Dr Nathan Davies talks about his research about end of life care.
Meeting the expert behind the research
Tell us about yourself
My name is Dr Nathan Davies. Born and raised in a small town in south Wales, I studied psychology at Exeter before moving to London where I completed my PhD at UCL and have been here ever since.
When I’m not working you’ll likely find me in the gym, cooking up a storm in the kitchen or watching Formula One or tennis (I’m in the queue for Wimbledon most years).
What drew you to researching end of life care?
After graduating, I worked as an assistant psychologist in memory services. It really struck me how we would see a person with dementia a few times and not see them again.
I was interested to understand what happened later on, and my PhD focused on end of life care for people with
dementia. Since then, my focus has been to understand the experiences of carers and how we can use this information to improve care and services.
I’m working to find ways to support carers with the emotional and significant decisions that they have to make on behalf of the person they care for towards the end of life and in the later stages of dementia. This will produce a tool to help people with dementia take part in decision-making along with their carer.
Why is it important to support carers in making end of life decisions?
The end of life is hugely important – we all want to end our lives in a comfortable, respected and dignified manner. This topic has so often been neglected in dementia care research, but I believe that some of the best work on this subject is now coming out of the UK.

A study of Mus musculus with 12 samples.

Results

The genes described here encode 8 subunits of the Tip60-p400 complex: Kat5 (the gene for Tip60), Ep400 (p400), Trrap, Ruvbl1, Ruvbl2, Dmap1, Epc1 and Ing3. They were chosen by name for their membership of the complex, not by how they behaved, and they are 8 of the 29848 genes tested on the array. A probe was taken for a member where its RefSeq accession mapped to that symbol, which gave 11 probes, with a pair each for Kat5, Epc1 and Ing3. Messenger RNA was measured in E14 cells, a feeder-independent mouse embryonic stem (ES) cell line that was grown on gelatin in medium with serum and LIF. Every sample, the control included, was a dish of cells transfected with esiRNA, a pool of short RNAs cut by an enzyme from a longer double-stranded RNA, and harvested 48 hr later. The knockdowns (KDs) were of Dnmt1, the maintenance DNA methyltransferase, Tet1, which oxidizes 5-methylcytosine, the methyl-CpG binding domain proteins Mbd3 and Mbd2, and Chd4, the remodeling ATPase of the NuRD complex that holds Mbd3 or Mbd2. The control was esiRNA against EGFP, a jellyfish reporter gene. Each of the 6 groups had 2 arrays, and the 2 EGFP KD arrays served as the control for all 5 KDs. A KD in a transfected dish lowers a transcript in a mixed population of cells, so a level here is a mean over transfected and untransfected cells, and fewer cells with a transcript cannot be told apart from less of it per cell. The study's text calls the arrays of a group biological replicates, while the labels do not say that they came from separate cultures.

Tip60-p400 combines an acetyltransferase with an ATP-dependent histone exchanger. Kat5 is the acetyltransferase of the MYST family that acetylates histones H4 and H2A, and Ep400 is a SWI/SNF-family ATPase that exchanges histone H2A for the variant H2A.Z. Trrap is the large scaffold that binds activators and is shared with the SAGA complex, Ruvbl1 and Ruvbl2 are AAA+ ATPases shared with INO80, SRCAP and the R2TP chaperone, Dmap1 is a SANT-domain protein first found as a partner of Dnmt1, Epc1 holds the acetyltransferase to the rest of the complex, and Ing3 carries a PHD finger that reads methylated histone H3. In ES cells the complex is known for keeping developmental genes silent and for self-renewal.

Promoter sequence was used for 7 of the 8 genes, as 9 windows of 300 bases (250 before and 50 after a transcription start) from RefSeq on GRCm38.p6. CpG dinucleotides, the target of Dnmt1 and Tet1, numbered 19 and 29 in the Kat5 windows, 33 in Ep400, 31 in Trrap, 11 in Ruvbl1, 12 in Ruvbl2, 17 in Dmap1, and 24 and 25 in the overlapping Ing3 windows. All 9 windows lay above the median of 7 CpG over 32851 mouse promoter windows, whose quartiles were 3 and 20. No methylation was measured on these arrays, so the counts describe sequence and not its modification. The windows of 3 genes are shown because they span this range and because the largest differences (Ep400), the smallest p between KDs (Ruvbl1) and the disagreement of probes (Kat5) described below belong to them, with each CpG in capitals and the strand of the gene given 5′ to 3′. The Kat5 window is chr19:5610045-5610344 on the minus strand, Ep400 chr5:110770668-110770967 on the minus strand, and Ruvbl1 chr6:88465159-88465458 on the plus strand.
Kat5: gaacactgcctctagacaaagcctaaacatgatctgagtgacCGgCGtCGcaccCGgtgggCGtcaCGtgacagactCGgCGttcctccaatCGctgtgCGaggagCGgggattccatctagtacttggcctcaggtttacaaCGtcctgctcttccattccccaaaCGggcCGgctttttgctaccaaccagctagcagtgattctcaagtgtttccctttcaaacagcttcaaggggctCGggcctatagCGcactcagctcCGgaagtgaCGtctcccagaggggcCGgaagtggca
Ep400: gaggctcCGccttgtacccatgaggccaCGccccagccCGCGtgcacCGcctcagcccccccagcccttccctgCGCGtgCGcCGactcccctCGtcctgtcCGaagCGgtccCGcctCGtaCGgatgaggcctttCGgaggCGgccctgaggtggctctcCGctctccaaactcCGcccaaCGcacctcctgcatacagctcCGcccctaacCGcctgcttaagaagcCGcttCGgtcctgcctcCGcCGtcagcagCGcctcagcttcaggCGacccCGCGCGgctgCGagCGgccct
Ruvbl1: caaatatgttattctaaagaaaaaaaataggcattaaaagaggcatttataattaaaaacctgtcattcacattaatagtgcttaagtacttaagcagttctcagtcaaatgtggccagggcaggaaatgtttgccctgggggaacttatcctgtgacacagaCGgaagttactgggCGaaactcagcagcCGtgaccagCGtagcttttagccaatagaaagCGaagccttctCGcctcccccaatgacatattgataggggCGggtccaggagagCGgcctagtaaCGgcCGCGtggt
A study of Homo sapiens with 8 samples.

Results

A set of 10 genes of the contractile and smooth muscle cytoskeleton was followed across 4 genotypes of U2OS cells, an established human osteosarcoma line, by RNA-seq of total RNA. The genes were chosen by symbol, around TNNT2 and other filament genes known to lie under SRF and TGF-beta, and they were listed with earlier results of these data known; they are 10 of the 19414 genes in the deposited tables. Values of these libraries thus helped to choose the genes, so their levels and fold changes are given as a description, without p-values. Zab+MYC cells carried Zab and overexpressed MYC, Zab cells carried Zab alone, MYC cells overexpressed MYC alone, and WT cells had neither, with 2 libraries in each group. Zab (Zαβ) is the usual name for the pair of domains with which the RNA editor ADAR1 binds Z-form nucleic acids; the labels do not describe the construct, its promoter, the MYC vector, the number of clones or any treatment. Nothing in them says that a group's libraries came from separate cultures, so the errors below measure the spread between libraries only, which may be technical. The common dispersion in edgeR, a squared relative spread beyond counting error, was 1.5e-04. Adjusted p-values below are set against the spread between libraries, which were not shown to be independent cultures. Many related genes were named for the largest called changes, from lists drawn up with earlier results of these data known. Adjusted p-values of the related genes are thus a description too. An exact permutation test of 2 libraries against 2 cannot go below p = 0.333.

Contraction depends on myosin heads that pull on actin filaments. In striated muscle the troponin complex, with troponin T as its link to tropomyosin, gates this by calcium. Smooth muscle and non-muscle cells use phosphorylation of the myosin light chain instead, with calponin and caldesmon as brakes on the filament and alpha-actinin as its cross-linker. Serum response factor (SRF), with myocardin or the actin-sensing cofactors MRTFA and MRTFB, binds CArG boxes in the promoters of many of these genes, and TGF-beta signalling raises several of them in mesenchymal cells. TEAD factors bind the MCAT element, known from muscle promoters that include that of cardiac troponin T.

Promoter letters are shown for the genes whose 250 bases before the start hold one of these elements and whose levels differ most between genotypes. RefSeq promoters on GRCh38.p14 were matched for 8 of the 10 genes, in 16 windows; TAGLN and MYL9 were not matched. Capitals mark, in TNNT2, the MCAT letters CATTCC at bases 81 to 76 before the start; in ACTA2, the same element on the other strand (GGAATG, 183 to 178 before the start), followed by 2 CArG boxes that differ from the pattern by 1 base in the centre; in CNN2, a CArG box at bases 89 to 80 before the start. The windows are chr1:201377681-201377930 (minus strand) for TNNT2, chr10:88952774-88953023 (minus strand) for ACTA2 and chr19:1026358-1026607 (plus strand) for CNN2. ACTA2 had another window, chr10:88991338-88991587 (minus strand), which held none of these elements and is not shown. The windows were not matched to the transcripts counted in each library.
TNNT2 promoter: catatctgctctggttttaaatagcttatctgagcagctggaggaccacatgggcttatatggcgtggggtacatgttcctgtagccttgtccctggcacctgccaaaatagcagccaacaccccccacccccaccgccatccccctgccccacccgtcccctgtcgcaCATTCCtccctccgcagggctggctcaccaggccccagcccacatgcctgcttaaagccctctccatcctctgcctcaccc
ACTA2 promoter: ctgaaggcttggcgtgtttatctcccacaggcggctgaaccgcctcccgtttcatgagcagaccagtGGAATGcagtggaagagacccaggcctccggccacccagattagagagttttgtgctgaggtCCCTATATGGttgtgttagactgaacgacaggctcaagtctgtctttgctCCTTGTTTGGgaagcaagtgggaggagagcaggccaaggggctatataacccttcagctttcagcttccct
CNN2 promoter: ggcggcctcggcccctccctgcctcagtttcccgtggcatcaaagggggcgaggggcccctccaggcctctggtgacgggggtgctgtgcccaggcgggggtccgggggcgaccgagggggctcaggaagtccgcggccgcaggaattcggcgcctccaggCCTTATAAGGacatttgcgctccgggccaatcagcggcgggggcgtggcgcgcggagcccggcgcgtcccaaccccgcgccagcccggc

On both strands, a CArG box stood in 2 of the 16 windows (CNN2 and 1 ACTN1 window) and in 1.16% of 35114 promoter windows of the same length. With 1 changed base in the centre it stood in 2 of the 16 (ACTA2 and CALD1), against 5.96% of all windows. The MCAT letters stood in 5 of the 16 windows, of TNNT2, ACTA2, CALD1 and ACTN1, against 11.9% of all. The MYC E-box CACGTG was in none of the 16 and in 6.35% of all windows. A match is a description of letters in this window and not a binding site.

We know that families find the later stages of dementia and the end of life very difficult, with feelings of anxiety, guilt, prolonged grief and sadness. Healthcare professionals, even those with years of experience, also struggle with this topic.
The research we are doing has the potential to have a huge impact on people with dementia, carers and professionals.
What is next for you and your research?
I am enjoying leading some really compelling research projects and working closely with people with dementia and their families. I hope that my end of life decision aid project can be rolled out as a larger trial, and so potentially become routine practice to improve the lives of people affected by dementia.
I enjoy the variety of my work – one day I am speaking to groups of people affected by dementia, the next I’m presenting at a research conference or teaching students. I aspire to build my career in dementia research to make a difference to people with dementia and their families.